US Public Overwhelmingly Rejects Genetically Engineered Trees
“Yesterday, during APHIS’s ‘Invasive Species Month,’ the people of the US issued a firm demand to APHIS to reject invasive, flammable genetically engineered (GE) eucalyptus trees,” said Anne Petermann, Global Justice Ecology Project Executive Director and Coordinator of the Campaign to STOP Genetically Engineered (GE) Trees. “We will continue to hold the government accountable to the will of the people, rather than corporate interests.”
South Carolina-based ArborGen hopes to sell billions of GE cold-tolerant eucalyptus trees for planting across millions of acres in the US South in vast industrial plantations to supply biofuel, biomass electricity and paper production .
Dr. Rachel Smolker, Co-Director of Biofuelwatch stated, “ArborGen’s reckless vision of using the US South as a giant sacrifice zone for energy production would wreak havoc on rural communities, native forests and wildlife across the region, pushing already endangered species like the Louisiana Black Bear and the Red-cockaded Woodpecker over the edge.” Dr. Smolker added, “and despite the rhetoric about replacing fossil fuels with climate-friendly fuels, this wood-based energy will actually worsen climate change.”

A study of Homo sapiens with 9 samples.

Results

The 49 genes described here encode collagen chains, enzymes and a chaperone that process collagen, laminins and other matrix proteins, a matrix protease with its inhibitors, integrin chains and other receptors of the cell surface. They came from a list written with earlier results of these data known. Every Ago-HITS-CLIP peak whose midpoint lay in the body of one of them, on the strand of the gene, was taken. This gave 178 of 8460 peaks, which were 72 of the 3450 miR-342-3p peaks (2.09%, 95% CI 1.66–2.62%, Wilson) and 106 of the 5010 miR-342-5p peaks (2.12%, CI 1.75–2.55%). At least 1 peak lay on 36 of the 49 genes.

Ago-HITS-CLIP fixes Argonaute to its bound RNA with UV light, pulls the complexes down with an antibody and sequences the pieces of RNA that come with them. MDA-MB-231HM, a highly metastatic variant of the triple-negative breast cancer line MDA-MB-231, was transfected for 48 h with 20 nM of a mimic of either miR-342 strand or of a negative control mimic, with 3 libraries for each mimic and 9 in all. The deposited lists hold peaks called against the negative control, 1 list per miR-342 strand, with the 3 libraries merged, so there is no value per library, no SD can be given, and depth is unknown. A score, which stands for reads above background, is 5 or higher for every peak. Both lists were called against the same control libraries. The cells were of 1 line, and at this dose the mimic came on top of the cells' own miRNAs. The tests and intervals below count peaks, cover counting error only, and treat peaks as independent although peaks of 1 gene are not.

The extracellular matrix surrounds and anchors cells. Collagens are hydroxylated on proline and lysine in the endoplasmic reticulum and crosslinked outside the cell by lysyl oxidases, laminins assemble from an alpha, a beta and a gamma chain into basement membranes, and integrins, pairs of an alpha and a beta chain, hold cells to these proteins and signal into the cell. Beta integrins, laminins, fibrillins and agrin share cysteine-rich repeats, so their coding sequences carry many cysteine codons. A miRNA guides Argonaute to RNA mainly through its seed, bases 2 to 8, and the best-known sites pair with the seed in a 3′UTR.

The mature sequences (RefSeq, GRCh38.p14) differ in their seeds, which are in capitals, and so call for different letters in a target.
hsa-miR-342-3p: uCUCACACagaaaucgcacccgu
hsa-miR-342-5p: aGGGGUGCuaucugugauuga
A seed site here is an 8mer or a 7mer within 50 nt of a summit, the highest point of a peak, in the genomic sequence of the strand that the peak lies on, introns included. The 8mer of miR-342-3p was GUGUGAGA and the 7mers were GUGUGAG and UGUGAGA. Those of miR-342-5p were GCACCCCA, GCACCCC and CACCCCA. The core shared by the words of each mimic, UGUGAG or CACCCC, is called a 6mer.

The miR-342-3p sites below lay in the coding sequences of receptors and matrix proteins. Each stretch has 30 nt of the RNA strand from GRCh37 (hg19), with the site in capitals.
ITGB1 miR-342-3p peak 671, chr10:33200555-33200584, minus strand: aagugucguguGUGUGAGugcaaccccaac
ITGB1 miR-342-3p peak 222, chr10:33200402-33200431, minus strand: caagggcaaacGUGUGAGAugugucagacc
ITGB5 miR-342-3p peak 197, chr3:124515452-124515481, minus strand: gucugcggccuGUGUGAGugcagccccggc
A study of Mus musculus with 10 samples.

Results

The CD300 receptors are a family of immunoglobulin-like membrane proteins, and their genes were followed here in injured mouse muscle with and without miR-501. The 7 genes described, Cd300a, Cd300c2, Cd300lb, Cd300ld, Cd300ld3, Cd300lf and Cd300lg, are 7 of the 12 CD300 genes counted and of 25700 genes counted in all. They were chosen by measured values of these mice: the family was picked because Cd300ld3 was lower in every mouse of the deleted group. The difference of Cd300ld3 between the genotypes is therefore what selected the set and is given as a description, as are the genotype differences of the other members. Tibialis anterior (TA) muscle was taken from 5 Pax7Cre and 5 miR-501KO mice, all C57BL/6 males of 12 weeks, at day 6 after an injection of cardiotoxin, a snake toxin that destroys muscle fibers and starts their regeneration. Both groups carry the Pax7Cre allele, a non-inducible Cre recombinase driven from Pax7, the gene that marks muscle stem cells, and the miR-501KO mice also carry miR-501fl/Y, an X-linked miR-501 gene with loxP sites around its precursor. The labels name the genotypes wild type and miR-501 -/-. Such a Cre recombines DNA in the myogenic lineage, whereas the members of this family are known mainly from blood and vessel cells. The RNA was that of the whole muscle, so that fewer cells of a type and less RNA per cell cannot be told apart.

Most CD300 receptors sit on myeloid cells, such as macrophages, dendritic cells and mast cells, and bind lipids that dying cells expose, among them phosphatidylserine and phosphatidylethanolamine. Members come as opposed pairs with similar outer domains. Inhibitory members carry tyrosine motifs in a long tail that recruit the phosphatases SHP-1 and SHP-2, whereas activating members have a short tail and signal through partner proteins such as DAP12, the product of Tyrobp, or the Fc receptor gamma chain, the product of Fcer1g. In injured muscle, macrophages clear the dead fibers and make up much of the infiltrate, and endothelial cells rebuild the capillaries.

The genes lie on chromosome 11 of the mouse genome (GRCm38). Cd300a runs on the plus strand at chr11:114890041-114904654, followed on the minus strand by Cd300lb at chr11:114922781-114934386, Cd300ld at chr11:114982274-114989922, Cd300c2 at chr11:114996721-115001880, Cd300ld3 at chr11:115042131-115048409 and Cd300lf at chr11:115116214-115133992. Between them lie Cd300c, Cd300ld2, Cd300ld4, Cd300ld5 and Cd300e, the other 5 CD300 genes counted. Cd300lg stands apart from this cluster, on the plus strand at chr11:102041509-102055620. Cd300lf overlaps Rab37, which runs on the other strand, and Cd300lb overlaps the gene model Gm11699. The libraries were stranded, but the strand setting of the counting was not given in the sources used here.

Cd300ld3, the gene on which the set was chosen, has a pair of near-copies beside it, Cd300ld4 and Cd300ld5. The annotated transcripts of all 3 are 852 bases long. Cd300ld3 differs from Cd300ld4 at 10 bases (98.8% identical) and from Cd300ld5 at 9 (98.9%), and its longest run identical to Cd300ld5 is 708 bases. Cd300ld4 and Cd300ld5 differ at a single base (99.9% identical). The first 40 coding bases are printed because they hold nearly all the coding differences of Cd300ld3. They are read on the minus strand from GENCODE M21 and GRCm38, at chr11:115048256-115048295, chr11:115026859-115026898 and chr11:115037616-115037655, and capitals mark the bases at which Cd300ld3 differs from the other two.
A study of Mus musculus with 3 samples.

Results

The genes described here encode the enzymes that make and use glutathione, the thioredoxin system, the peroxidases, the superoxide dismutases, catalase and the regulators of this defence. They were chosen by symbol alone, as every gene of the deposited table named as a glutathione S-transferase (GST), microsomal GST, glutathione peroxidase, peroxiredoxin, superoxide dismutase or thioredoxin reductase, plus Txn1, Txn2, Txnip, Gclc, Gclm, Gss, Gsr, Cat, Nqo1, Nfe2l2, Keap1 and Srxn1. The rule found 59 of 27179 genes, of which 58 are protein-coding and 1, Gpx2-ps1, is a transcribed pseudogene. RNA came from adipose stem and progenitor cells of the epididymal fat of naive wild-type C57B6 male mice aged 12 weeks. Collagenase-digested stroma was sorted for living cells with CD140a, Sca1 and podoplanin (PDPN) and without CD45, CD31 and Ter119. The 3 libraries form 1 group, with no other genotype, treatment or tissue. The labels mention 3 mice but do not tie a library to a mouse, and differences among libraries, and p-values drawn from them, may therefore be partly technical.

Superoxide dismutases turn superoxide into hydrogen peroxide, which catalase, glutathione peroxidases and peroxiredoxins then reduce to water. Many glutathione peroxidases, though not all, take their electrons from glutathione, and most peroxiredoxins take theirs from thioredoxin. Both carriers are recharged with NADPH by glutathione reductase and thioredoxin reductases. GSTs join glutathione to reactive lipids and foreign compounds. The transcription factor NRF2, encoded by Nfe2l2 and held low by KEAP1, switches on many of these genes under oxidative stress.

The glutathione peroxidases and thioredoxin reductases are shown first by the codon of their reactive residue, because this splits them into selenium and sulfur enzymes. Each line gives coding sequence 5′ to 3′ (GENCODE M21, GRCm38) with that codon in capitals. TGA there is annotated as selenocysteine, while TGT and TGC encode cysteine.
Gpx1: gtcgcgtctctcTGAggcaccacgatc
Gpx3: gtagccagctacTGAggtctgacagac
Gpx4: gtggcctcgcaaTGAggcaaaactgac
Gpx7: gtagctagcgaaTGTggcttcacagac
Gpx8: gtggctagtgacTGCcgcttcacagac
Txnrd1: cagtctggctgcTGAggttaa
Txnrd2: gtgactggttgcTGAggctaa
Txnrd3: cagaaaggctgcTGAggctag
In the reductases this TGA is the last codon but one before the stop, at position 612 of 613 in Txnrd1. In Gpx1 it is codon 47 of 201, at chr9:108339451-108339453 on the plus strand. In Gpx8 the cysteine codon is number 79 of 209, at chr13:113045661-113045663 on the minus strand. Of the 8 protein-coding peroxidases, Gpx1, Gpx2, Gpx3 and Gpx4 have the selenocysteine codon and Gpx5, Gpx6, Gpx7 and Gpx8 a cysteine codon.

Genetically engineered and other industrial tree plantations are not only a concern in the US, but internationally. Rural communities in Brazil have been fighting non-GE eucalyptus plantations for decades, and are also opposing the introduction of GE eucalyptus plantations. Additionally, in 2006 and 2008 the UN Convention on Biological Diversity (CBD) warned countries of the social and ecological dangers of GE trees. 
In late May, Global Justice Ecology Project, the Campaign to STOP GE Trees, Biofuelwatch along with Earth First! and the Dogwood Alliance are mobilizing events and protests around the IUFRO Tree Biotechnology 2013 conference  in Asheville, NC. Opposition organizers are taking credit for the recent cancellation of an IUFRO-sponsored field trip to a forestry research site planned for 29 May as part of the conference. Organizers believe the field trip was cancelled due to the threat of protest.
 Rubicon Annual Review 2009
 Decision Regarding GE Trees at the UN Convention on Biological Diversity’s Ninth Conference of the Parties, Bonn Germany, May 2008:
 IUFRO is the International Union of Forest Research Organizations. The Tree Biotechnology Conference happens every two years and brings together forest researchers, tree geneticists, students and others to discuss advancements in tree biotechnology including genetic engineering. This year’s conference is being held in Asheville, NC from May 26 to June 1. The last IUFRO Tree Biotechnology Conference took place in June 2011 in Arraial d’Ajuda, Brazil.